At an appointment the other day, we were going to go outside to begin working on leash skills. And, as my client picked up the leash, her dog’s arousal quickly rose as he began jumping on her and biting her arms. Frustrated, she told him, “NO!” and tried pushing him down all to no avail. He continued to grab her sleeves.
Past experience has probably taught her dog that the leash coming out means valued time exploring the sights and smells of the neighborhood was going to follow. That can be a pretty exciting event in the day of a dog. The thought of that event can understandably cause a dog’s heartrate and activity to increase in anticipation. A human’s movement, attention and loud voice can even heighten that arousal response in the dog. And, if that human then clips on the leash while the dog is exhibiting that set of behaviors, the dog is actually learning that biting, jumping, and pushing get the opportunity to go for a walk. After all, that is what typically happens.
Even if a loud reprimand did work to stop the unwanted behaviors, at least momentarily, the problem with that approach is the handler is not giving the dog enough feedback to help that dog succeed in the future – meaning, the dog is not being taught a different, more human acceptable set of behaviors to get the same result…which is having that leash attached. Other potential problems are the dog will come to associate its handler with that aversive, the dog may shut down and begin showing avoidance behaviors, or even the dog may begin showing some aggression.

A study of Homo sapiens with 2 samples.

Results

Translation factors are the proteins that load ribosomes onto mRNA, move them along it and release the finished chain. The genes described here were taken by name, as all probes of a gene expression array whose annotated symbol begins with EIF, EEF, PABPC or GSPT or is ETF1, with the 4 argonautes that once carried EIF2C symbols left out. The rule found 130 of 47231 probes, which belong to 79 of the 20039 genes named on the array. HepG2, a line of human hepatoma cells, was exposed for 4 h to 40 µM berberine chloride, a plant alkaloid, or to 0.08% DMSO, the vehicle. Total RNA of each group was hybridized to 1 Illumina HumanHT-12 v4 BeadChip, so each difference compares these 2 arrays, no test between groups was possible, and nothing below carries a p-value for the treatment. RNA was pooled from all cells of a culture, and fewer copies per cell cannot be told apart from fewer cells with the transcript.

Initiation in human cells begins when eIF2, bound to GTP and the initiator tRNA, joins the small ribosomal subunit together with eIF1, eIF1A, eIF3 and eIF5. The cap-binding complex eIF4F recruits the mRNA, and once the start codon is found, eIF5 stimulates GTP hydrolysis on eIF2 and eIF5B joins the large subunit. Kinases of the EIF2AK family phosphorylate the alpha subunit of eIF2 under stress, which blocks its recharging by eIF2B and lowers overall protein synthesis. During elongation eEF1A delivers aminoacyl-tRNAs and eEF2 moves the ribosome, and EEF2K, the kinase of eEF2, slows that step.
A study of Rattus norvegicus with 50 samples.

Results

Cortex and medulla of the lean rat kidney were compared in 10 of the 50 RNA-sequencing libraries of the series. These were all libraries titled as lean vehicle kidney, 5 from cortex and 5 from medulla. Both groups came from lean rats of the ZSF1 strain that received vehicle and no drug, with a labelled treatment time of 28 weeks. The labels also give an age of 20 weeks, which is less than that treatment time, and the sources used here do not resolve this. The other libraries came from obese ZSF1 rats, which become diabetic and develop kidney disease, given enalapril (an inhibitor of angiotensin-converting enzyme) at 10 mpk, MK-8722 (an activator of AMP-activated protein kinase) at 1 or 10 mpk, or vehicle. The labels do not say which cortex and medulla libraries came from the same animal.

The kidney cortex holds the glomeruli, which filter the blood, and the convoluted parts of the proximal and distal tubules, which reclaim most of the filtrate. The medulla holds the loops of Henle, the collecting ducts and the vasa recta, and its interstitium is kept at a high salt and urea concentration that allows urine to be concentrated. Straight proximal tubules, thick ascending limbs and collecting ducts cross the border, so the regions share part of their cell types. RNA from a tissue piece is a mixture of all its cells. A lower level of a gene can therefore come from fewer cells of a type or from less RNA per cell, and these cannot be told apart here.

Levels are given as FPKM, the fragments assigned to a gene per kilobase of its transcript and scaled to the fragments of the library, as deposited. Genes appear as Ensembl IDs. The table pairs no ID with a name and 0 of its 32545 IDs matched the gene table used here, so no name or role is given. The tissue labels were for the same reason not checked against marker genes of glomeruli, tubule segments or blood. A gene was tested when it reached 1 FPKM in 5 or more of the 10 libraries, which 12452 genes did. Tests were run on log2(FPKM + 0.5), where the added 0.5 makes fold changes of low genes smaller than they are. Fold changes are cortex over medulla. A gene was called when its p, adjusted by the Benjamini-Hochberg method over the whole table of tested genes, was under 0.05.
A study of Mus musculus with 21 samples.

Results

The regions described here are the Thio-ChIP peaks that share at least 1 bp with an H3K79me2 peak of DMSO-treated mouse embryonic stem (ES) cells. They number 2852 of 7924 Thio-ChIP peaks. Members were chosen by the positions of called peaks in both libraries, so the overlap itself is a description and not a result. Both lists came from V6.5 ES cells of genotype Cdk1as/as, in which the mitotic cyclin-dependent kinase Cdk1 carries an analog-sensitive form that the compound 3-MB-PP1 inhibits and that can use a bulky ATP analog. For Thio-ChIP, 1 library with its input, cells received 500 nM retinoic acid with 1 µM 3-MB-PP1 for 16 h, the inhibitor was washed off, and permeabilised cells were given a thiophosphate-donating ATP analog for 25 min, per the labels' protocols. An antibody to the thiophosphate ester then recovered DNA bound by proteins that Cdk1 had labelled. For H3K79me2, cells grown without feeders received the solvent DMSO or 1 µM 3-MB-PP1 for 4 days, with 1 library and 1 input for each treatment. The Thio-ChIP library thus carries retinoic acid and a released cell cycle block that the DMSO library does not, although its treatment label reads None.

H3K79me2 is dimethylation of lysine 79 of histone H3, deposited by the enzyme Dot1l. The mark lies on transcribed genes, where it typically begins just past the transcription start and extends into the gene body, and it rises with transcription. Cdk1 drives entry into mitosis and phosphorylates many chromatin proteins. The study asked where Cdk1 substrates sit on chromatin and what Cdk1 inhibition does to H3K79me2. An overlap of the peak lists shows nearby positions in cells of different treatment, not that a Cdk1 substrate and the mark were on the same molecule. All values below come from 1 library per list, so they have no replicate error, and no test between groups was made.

Going back to this particular situation, I had my client put the least out of sight and then asked her what behaviors she would like to see in her dog when the leash comes out. Her answer – to sit and look at her while she clipped the leash (and in this case other collar) to her dog’s neck. OK, now THAT is something we can teach her dog.
So, next time she asked her dog to sit before taking out the leash. If he got up and jumped on her, the leash went away. Then after a pause, she started again. And this time he remained seated. She was able to then teach him in small successive steps (this is known as shaping) to remain seated when the leash was shown, then as the leash was presented closer and closer and ultimately clicked on his neck. The process took a couple minutes to teach and we were out the door for more lessons.
When you change your focus from simply stopping behavior to teaching your dog what you would rather see him do, not only will you be solving problems, you will be strengthening your relationship.